With the upcoming US election set for November 8 and political campaigning in full swing, it is worth considering the election process in the US and the impact a handful of large corporations have on American politics.
Since 2010, the Supreme Court ruled in favour of allowing unlimited campaign contributions by corporations and unions. This has led to millions of pounds from America’s richest corporations being pumped into different political parties. If this is the case; how much does democracy represent the interest of the US population and how much do political parties exist to serve corporate interests?
Lets take a look at the 2016 election campaign. Whilst Democrat Bernie Sanders called for an end to big money in politics, Hilary Clinton has taken full advantage of the 2010 law – raising a total over $130,400,000 (£91,700,000) due to her close ties with big banks and law firms. Donald Trump has been less successful in fundraising, with donations totalling $25,500,000 (£18,000,000), and has largely relied on his own wealth to fund most of his campaign.
The consequences of private donations within the election process have been obvious in the past. For example, in the 2000 US elections George Bush and his Republican party took advantages of donations worth $137 million. After Bush was elected, among the first changes to US law made were those benefitting several of the larger corporations who funded the campaign, including the abandonment of his pledge to impose legal limits of carbon dioxide emissions – which would have made business difficult for large corporations.
Political funding has proved to be very influential in American politics, with statistics showing that the candidate with the most money wins 91 percent of the time. This is not just the case within the US, but also in the UK; in the 2015 General Election the Conservative party received almost £29 million worth of donations, whilst the Green Party only received £600,000.
With so much money going into politics, it is undeniable that politicians are beholden to their donors as well as the general population. Former President Jimmy Carter recently said this on the matter:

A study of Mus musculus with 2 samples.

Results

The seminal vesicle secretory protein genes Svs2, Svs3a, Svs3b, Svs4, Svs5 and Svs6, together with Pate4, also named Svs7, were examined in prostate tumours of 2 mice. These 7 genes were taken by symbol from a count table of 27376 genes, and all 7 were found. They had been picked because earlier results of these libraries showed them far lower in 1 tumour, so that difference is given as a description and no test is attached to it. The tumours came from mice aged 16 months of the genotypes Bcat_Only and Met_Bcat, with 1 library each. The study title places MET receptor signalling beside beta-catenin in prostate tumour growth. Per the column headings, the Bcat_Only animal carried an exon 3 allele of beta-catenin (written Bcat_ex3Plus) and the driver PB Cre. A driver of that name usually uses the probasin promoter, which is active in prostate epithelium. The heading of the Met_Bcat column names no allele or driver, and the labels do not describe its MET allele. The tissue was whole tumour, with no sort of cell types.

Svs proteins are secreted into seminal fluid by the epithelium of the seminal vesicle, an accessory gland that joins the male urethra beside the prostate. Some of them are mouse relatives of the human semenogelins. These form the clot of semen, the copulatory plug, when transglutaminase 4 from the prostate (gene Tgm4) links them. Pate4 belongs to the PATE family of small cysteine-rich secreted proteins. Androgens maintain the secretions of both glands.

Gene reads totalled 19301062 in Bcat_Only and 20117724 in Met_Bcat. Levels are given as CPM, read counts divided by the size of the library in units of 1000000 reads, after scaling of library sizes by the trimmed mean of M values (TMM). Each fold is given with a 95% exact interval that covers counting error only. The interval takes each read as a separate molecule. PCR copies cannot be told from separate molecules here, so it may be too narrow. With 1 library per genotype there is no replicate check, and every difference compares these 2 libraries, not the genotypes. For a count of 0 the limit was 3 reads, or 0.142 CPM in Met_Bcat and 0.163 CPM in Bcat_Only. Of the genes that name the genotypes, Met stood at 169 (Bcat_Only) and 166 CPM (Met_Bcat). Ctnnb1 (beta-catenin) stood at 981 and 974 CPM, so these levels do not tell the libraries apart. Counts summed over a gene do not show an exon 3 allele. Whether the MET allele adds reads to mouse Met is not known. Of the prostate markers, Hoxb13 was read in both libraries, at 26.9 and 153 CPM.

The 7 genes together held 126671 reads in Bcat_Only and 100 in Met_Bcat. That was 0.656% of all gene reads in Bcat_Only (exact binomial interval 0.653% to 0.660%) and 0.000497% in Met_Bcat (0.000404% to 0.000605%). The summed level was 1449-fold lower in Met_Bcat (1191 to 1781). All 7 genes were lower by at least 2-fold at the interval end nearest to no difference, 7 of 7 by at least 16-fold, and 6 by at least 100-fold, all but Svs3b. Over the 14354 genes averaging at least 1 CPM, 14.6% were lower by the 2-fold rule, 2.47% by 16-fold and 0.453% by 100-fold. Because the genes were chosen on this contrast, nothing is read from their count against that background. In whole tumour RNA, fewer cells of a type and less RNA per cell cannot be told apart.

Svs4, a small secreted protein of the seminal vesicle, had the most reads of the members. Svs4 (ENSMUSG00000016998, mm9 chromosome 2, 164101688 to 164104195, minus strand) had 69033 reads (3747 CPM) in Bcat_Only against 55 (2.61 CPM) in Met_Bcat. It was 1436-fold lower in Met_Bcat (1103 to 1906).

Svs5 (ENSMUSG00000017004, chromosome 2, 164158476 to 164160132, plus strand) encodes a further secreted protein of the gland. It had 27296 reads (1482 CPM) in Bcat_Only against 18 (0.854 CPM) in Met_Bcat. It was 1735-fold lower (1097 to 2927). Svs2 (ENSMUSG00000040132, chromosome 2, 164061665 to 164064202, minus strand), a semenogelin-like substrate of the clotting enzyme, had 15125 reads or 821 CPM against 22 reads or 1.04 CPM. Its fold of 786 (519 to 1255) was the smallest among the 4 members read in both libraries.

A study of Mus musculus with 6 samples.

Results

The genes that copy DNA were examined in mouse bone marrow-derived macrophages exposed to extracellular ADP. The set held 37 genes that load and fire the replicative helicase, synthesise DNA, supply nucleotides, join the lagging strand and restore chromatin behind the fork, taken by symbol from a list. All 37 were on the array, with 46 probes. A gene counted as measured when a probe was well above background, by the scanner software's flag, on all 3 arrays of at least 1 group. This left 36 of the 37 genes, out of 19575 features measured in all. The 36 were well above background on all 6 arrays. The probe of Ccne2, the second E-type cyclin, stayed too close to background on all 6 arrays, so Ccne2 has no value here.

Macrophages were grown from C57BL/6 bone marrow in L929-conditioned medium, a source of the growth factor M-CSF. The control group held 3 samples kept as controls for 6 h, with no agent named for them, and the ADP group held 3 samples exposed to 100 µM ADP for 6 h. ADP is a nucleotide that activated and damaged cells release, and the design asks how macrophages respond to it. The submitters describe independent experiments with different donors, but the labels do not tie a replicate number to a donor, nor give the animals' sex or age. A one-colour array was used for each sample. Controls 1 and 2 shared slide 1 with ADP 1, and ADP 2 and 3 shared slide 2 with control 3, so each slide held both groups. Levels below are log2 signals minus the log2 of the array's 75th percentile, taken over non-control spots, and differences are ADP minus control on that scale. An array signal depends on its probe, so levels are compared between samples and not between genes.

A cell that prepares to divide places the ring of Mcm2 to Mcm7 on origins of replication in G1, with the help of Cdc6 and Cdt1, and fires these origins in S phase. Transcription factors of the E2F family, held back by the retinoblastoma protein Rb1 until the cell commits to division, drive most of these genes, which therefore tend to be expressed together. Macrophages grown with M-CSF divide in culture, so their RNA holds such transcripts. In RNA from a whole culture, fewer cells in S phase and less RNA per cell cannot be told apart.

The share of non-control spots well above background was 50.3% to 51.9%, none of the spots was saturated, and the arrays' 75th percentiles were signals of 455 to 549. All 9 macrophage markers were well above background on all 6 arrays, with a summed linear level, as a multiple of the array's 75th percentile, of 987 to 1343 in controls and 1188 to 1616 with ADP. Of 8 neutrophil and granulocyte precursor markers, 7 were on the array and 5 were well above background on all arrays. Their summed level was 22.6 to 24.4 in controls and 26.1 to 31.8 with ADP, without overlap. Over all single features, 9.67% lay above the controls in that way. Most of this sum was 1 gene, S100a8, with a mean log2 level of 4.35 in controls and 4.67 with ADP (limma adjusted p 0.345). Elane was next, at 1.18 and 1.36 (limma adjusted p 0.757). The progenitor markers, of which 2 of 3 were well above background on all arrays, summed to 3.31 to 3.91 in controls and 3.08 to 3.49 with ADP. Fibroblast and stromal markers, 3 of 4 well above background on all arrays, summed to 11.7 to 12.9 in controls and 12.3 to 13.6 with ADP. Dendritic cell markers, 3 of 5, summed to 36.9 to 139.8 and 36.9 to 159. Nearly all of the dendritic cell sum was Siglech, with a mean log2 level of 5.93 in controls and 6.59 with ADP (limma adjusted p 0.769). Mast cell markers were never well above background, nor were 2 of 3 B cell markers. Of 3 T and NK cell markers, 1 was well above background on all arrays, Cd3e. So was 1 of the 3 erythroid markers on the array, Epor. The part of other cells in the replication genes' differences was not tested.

“Unlimited money in politics violates the essence of what made America a great country in its political system. Now, it’s just an oligarchy, with unlimited political bribery being the essence of getting the nominations for president or to elect the president. And the same thing applies to governors and U.S. Senators and congress members. So now we’ve just seen a complete subversion of our political system as a payoff to major contributors, who want and expect and sometimes get favours for themselves after the election’s over.”
The amount of power these corporations hold over ruling governments is far stronger than initially thought. This was highlighted by researchers at Princeton University, who explored the amount of political power bought by American corporations. They concluded that “the preferences of the average American appear to only have a miniscule, near zero, statisticallу non-significant impact upon public policy”.
Whilst this was the case for 90 percent of the population, the elite 10 percent had a much higher influence on political decisions due to donations.
The potential for corruption within presidential campaigning has been recognised by a growing number of countries, including Brazil whose supreme court banned corporate donations to election campaigns in September 2015. This was an attempt to clean up Brazilian governance following a large investigation into corruption and bribes between the government and Petrobras, the state-oil company.
A Brazilian judge said this on the matter:
“The influence of economic power has ended up transforming the electoral process into a rigged political game, a despicable pantomime which makes the voter a puppet, simultaneously undermining citizenship, democracy and popular sovereignty.”